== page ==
The British government will not use threats of food shortages to Ireland as a way of strengthening their Brexit negotiating position, British Prime Minister Theresa May has said, rebuffing inflammatory comments made by a Tory MP last week.
Priti Patel, who suggested last week that a report stating Ireland would suffer worse food shortages than the UK in the event of a no-deal Brexit could be used as leverage to discourage the introduction of the backstop, drew widespread criticism for her remarks.
Far from a condemnation of the language used by the MP, Mrs May said during PMQs, after a question from Labour and Co-operative Party MP Jim McMahon, that she would be “happy to give the assurance” that such a tactic would not be used.
“We would not use that issue in any sense in the negotiating strategy. We want to work with the Irish government to ensure that we are providing a good Brexit for the UK and a good Brexit for Ireland,” she said in the Commons.
McMahon had asked Mrs May, who will take on a no-confidence vote later today, to condemn such suggestions in attempts to “strengthen” the UK’s position during Brexit talks.
Ms Patel’s comments – described as “either extreme callousness or ignorance” by Labour MP David Lammy – arose after a leaked report from the British government claimed Ireland would see worse food shortages than Britain in the event of the UK crashing out of the bloc.
It asserted that Ireland would likely see a drop in GDP of up to 7%, against a figure of 5% for the United Kingdom.
Speaking to The Times, Conservative MP Priti Patel said such figures should have been used in negotiations as leverage to drop the backstop – the mechanism being proposed to prevent a hard border.
“This paper appears to show the government were well aware Ireland will face significant issues in a no-deal scenario. Why hasn’t this point been pressed home during negotiations?” she said.
“There is still time to go back to Brussels and get a better deal.”
Patel, who resigned as UK international development secretary in November last year amid controversy over her unauthorised meetings with Israeli officials, caused a scathing reaction online and from Irish and British officials for her remarks.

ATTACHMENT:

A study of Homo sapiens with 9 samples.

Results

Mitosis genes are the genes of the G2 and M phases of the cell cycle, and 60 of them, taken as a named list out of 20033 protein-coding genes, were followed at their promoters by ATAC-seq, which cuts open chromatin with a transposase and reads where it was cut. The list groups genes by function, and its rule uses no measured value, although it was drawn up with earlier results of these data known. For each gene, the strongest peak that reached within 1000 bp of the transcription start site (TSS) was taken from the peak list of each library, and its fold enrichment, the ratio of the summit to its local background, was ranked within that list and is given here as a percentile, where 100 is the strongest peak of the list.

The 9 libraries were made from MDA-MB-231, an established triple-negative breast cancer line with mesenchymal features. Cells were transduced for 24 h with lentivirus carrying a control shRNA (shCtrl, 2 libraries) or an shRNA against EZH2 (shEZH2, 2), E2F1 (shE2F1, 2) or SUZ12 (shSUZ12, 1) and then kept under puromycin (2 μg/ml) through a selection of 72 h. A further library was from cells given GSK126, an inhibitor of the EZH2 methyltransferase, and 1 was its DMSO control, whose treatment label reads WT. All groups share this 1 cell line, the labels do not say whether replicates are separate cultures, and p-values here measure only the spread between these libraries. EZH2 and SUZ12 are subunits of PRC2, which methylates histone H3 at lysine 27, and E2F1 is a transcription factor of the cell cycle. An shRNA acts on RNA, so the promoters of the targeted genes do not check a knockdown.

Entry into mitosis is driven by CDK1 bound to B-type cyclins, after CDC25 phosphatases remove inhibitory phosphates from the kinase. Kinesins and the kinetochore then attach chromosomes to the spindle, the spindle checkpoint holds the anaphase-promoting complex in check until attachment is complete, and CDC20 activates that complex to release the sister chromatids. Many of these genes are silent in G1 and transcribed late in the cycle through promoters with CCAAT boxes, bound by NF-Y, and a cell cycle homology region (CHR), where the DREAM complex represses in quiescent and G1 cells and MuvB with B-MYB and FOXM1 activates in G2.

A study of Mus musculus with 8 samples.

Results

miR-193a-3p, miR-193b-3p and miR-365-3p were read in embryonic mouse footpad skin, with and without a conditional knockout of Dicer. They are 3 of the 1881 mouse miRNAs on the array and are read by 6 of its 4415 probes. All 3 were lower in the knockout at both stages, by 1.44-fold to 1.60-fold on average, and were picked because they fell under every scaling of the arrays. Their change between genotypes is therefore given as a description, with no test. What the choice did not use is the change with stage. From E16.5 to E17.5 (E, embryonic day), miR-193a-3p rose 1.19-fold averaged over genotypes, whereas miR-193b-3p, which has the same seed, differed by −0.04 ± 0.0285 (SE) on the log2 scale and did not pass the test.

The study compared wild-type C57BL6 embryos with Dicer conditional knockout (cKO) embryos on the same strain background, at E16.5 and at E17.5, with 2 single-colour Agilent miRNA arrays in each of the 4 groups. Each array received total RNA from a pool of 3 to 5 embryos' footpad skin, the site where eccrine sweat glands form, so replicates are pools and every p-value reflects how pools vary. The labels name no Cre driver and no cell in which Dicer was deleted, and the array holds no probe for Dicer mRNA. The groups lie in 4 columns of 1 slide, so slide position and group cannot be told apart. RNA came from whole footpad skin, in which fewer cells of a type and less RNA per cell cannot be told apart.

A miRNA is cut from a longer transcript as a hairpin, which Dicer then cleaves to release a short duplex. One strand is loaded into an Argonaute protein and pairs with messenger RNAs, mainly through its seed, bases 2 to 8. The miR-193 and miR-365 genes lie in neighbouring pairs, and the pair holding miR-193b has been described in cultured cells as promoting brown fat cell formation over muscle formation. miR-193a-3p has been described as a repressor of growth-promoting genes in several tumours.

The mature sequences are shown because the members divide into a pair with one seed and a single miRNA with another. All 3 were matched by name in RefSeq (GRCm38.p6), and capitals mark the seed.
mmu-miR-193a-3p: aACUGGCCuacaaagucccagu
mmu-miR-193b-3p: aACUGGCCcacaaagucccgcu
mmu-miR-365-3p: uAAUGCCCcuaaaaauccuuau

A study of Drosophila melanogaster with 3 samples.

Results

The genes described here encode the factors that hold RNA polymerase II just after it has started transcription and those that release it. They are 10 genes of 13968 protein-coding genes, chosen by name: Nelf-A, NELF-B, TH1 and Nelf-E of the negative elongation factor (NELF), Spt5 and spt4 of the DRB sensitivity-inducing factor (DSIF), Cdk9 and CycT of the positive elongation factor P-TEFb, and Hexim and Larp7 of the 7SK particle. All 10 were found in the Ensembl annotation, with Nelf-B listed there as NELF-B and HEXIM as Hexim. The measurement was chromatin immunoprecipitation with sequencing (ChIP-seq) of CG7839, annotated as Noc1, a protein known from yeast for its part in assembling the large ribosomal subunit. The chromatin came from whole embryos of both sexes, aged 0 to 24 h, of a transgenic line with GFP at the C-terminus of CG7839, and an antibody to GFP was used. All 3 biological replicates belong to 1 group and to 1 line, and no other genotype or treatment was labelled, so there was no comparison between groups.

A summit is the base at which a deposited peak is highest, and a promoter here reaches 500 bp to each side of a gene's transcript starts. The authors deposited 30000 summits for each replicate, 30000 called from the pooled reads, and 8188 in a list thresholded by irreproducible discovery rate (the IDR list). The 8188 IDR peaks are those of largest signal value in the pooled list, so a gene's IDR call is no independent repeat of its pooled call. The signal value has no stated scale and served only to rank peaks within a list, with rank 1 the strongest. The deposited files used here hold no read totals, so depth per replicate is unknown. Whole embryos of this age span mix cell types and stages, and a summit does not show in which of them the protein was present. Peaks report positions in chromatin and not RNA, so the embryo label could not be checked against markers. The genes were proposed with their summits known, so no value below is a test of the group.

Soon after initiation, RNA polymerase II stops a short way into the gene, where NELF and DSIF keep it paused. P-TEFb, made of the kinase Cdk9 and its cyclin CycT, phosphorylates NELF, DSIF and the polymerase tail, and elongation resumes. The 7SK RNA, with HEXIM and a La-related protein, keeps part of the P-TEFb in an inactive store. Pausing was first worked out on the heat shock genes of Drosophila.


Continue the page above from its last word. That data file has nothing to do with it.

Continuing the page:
She has since claimed that the comments she made “have been taken out context”.
Anna Soubry, a Pro-EU Tory MP campaigning for a People’s Vote, offered her apologies to Ireland for her party’s actions today.
“I can only apologise to your listeners for what my country and my party has been doing for the last few years,” she told RTE. “Not even the Conservative party could be so politically irresponsible at this critical stage with the most important decision since the end of World War 2.”
Last week, EU agriculture commissioner Phil Hogan said that a tactic Patel alluded to would, in fact, lead to “the starvation of the British people” due to Ireland’s food production surplus with the UK.
Ireland imports more than €4 billion in food from the UK each year which constitutes just under half of all food imports. Irish food exports to the UK, however, exceed €5 billion.
Hogan added that Patel’s comments exposed “how much out of touch” Patel is.
According to the Global Food Security Index, Ireland has become the second most food secure nation in the world for 2018, exporting most of its produce, a fall in one place from the world’s most secure food nation last year.
Simon Coveney, Ireland’s minister for foreign affairs, said that Patel’s comments are the latest example of the “ridiculous carry-on from an MP from a neighbouring state and ally”.
Mary Lou McDonald, the leader of Sinn Féin, maintained that Patel should apologise for the “hurtful remarks”.
“I think that statement was, for obvious historical reasons, very distasteful,” Ms Lou McDonald said. “It also belies a really reckless and almost juvenile mentality.”
Scotland’s First Minister Nicola Sturgeon argued that Patel’s comments illustrated the “sheer moral bankruptcy” of the Conservative MPs who remain supportive of Brexit.
The Irish government reportedly began extensive preparations for all Brexit scenarios, including in the food sector, shortly after the referendum result.
It remains unclear what part of the UK government produced the report and it’s veracity and implications have been widely dismissed by Irish officials.